Everyone makes mistakes, especially when confronted with the labyrinth of bookkeeping entries, but catastrophe is avoidable by deploying a common process for locating and correcting errors or omissions. Reconciliation of bookkeeping entries to bank records assures that your books contain all the transactions that occurred in the account. Moreover, reconciling uncovers other crucial elements that demand scrutiny.
Fortunately, accounting software has made the reconciliation process a simple task. But the automated nature of this procedure commonly results in failure to diagnose and resolve questionable bookkeeping issues.
What and When of Account Reconciling
Reconciling to a bank statement should be conducted every month. Reconcile every account, including all checking or other bank accounts as well as credit cards and loans. Transactions you’ve recorded in your bookkeeping for a specific account will appear on a statement from the financial institution for the same account.
You’ll know that your records are accurate when the account balance on your books agrees with the bank. This happens by matching the transactions according to the bank statement with identical transactions you’ve recorded for that account on your books.
Agreeing with the bank statement doesn’t mean you will necessarily have the same account balance as the bank. You may have some outstanding checks that have not yet cleared the bank and won’t show up on the account statement. The bank doesn’t know about these checks.
Similarly, some electronic transfers you’ve recorded in your bookkeeping may have taken place at the bank a day or two after the bank statement. Reconciliation is all about bringing into the open these outstanding transactions.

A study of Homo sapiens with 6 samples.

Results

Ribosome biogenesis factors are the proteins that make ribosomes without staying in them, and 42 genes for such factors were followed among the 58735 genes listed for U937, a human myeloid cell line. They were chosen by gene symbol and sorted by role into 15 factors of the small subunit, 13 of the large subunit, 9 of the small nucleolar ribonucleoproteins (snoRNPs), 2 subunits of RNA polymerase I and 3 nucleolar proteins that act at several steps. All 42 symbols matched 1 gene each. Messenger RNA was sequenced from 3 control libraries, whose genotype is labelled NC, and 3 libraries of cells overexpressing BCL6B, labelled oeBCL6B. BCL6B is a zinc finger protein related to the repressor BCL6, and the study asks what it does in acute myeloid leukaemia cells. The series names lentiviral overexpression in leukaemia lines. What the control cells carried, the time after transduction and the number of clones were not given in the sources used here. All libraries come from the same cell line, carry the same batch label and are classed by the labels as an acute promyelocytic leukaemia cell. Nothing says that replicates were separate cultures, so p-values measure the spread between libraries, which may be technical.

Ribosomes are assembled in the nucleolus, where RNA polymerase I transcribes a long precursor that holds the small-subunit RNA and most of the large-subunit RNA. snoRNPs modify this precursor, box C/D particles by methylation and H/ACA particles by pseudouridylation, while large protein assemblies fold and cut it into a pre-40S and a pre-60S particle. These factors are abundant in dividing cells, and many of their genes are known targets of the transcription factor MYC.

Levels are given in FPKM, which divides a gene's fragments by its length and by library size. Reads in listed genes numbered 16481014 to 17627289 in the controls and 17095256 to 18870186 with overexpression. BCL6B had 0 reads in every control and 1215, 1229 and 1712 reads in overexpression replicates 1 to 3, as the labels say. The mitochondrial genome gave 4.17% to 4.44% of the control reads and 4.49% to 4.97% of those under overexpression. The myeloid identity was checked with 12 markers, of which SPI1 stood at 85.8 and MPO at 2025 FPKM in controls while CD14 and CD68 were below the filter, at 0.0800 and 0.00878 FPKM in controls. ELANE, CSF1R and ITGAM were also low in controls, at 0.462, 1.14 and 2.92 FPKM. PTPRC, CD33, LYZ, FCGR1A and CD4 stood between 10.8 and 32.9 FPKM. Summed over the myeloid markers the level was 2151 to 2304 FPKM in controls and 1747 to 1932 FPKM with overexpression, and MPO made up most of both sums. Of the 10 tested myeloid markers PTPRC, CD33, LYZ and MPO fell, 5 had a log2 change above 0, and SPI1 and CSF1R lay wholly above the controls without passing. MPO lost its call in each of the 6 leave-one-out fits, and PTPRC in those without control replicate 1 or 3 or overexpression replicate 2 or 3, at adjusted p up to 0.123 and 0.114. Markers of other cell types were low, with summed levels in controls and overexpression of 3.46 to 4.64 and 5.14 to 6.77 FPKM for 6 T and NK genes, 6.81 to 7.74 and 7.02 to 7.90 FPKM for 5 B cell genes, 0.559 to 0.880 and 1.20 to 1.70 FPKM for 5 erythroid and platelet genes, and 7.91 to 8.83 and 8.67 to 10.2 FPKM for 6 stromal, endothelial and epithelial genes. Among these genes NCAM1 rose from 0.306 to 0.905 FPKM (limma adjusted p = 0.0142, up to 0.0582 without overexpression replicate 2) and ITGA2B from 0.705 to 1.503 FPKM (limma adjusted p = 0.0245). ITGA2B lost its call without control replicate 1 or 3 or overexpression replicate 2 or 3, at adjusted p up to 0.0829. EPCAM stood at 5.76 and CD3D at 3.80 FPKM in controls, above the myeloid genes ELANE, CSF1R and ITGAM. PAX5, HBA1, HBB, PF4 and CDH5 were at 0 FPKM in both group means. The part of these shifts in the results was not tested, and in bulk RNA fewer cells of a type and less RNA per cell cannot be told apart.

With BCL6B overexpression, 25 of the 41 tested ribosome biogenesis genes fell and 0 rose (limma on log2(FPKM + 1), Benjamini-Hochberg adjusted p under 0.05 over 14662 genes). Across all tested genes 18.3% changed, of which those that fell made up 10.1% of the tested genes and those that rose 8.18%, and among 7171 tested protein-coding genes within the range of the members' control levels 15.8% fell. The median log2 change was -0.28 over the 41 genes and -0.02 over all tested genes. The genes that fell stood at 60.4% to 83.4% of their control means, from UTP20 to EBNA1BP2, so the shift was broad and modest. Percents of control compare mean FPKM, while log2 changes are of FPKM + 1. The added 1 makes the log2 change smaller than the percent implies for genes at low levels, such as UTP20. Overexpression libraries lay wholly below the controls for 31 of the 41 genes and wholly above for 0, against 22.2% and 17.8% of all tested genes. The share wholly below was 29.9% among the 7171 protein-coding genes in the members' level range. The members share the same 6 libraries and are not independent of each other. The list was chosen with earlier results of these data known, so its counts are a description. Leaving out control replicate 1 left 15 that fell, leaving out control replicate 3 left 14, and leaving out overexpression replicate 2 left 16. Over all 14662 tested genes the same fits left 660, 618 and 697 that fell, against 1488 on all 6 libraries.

Why and How of Account Reconciling
A part of the reconciliation journey is the discovery of transactions recorded by the bank that you have previously omitted from your bookkeeping. Moreover, uncovering non-reconciled items is particularly important. Some checks you’ve written may have never been cashed. You don’t want to simply delete them from your bookkeeping.
These expenditures may have already been deducted on income tax returns or reported to lenders. Adjustments are required on your current financial statements to correct prior period changes. An accounting professional will assure accurate accomplishment of this step.
Outstanding deposits from many days prior to the bank statement’s ending date are indicative of obvious mistakes. If you really made the deposit, it will appear on the bank statement. Your business sales are overstated if you entered deposits that never really arrived at the bank.
Reconciliation also reveals bank encoding errors and fraudulent activity. Contact your bank immediately if you notice any of these problems.
Duplicated entries are another cause of reconciliation discrepancies. Bookkeeping is a double-entry system. Recording a bank account transaction for payment to a credit card accomplishes both sides of the same event. This single entry is reconciled with both the bank account and credit card reconciliations.
Likewise, entering a deposit of borrowed money simultaneously records the loan. Obtaining a loan history from a lender permits seeing if your books agree with the lender’s information.
Assure that all loan payments from the bank account are applied to both the loan account and interest expense.